Morning Call: pick of the papers

The ten must-read comment pieces from this morning's papers.

1. Surveillance in the US and UK: Spreading national insecurity (Guardian)

Where legislatures and judges fail, whistleblowers keep open the only channel left for public accountability, says a Guardian editorial.

2. Erdogan is confronting a new Sixties spirit (Times)

European leaders can help the cause of reform by bringing Turkey into the EU fold, says Jack Straw.

3. Hail the honest about Greece's bailout (Financial Times)

The IMF’s admission is welcome but the hard part will be acting on it, says Wolfgang Münchau.

4. Ahmadinejad’s successor is supposed to be chosen by the people, not guardians (Independent)

This is not a real election for Iran but a competition between clerical favourites, writes Robert Fisk.

5. The People's Assembly will cohere the left - and finally give Labour some real competition (Independent)

The anti-austerity gathering will not only be a show of force, but a launchpad for a missing force in British politics, says Owen Jones.

6. At last, the parties get serious on spending (Daily Telegraph)

Ed Balls’s conversion over pension costs has thrown down the gauntlet to the Tories, says Andrew Haldenby.

7. Churches must fight to keep their freedom (Times)

The campaign against gay marriage was a mistake, writes Tim Montgomerie. Religious liberty itself is under threat from a new intolerance.

8. The bedroom tax has made huge problems even worse (Guardian)

The government's housing benefit changes are a mess, ramping up arrears and emptying out streets, writes John Harris. But what would Labour do differently?

9. Can Osborne defuse our debt timebomb? (Sun)

A nudge towards devaluation, without real evidence that the UK is serious about cutting debt, could trigger a full-blown currency crisis, writes Trevor Kavanagh. 

10. The proud moment when I realised I was worth hacking (Daily Telegraph)

A strange, late-night message confirmed my suspicions – internet privacy doesn’t exist, writes Boris Johnson.


The morning after the bombing of the Manchester Arena has left the city's residents jumpy.

On Tuesday morning, the streets in Manchester city centre were eerily silent.

The commuter hub of Victoria Station - which backs onto the arena - was closed as police combed the area for clues, and despite Mayor Andy Burnham’s line of "business as usual", it looked like people were staying away.

Manchester Arena is the second largest indoor concert venue in Europe. With a capacity crowd of 18,000, on Monday night the venue was packed with young people from around the country - at least 22 of whom will never come home. At around 10.33pm, a suicide bomber detonated his device near the exit. Among the dead was an eight-year-old girl. Many more victims remain in hospital.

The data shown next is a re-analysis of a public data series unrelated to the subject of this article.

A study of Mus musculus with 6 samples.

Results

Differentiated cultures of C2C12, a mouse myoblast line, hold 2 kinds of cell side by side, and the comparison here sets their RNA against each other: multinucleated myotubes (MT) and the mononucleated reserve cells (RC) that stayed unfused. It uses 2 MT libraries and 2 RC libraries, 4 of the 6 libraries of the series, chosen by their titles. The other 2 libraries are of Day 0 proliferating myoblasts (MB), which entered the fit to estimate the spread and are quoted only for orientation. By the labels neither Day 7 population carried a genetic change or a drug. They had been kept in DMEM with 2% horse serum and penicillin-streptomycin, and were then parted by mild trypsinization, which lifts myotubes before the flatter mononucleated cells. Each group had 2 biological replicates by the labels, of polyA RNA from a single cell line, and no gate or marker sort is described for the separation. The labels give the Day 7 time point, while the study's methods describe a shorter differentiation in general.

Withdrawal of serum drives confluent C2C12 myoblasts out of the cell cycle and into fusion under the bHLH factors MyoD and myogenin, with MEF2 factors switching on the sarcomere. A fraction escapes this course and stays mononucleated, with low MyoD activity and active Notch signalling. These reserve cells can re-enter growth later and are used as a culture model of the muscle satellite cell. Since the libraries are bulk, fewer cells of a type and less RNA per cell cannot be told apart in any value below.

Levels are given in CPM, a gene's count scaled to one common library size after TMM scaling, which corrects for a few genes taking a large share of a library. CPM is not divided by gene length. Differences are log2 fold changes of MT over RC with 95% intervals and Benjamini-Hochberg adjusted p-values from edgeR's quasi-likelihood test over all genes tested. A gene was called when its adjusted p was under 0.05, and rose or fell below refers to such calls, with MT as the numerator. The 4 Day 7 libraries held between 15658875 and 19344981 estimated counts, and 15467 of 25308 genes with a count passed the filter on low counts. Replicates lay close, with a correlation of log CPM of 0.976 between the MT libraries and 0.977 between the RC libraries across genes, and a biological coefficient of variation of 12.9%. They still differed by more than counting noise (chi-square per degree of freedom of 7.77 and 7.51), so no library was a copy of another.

Those Mancunians who were not alerted by the sirens woke to the news of their city's worst terrorist attack. Still, as the day went on, the city’s hubbub soon returned and, by lunchtime, there were shoppers and workers milling around Exchange Square and the town hall.

Tourists snapped images of the Albert Square building in the sunshine, and some even asked police for photographs like any other day.

But throughout the morning there were rumours and speculation about further incidents - the Arndale Centre was closed for a period after 11.40am while swathes of police descended, shutting off the main city centre thoroughfare of Market Street.

Corporation Street - closed off at Exchange Square - was at the centre of the city’s IRA blast. A postbox which survived the 1996 bombing stood in the foreground while officers stood guard, police tape fluttering around cordoned-off spaces.

It’s true that the streets of Manchester have known horror before, but not like this.

I spoke to students Beth and Melissa who were in the bustling centre when they saw people running from two different directions.

They vanished and ducked into River Island, when an alert came over the tannoy, and a staff member herded them through the back door onto the street.

“There were so many police stood outside the Arndale, it was so frightening,” Melissa told me.

“We thought it will be fine, it’ll be safe after last night. There were police everywhere walking in, and we felt like it would be fine.”

Beth said that they had planned a day of shopping, and weren’t put off by the attack.

“We heard about the arena this morning but we decided to come into the city, we were watching it all these morning, but you can’t let this stop you.”

They remembered the 1996 Arndale bombing, but added: “we were too young to really understand”.

And even now they’re older, they still did not really understand what had happened to the city.

“Theres nowhere to go, where’s safe? I just want to go home,” Melissa said. “I just want to be anywhere that’s not Manchester.”

Manchester has seen this sort of thing before - but so long ago that the stunned city dwellers are at a loss. In a city which feels under siege, no one is quite sure how anyone can keep us safe from an unknown threat

“We saw armed police on the streets - there were loads just then," Melissa said. "I trust them to keep us safe.”

But other observers were less comforted by the sign of firearms.

Ben, who I encountered standing outside an office block on Corporation Street watching the police, was not too forthcoming, except to say “They don’t know what they’re looking for, do they?” as I passed.

The spirit of the city is often invoked, and ahead of a vigil tonight in Albert Square, there will be solidarity and strength from the capital of the North.

But the community values which Mancunians hold dear are shaken to the core by what has happened here.